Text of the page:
Excess Carrier Not Required To Defend Or Indemnify Insured When Sued By Late Wife’s Estate For Negligence In Operating Motor Vehicle
But Must Defend Third Party Contribution Claims By Medical Malpractice Defendants
The insured drove his vehicle into a tree severely injuring his wife who died a week later. The wife’s estate filed two suits, one against the insured for negligent driving and the other against a hospital and attending physicians alleging malpractice. State Farm had primary limits of $250,000 per person, and Cincinnati had excess coverage up to $5 million. The insured did not notify Cincinnati until 26 months after the accident, although the wife’s estate advised Cincinnati 16 months after the accident. Cincinnati sought a declaratory judgment that it was not obligated to defend the insured because he did not provide notice "as soon as practicable" following the accident. Also, as the wife was also uninsured, it claimed an exclusion for claims by an insured applied even though there was an exception where "a third party acquires a right of contribution." The trial court ruled in favor of the insured.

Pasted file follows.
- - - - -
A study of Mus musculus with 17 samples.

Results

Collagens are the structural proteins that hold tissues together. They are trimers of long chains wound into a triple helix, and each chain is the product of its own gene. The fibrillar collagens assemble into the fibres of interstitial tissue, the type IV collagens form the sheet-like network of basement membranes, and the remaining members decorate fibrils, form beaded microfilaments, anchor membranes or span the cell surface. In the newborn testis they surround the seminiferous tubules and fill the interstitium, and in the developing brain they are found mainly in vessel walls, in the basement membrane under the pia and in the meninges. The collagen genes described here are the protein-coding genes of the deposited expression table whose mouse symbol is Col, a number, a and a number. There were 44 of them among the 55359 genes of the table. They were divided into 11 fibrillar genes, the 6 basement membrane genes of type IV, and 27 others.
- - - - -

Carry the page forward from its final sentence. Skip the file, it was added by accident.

The Seventh Circuit determined that 16 months notice was not remotely "as soon as practicable." However, Cincinnati did not identify any prejudice, so the delay did not affect its duty to defend. It also held Cincinnati was not required to defend the direct action by the estate against the insured, but did have a duty to defend the third party contribution action filed by the malpractice defendants. Cincinnati Ins. Co. v. Estate of Chee, 826 F.3d 433 (7th Cir. 2016).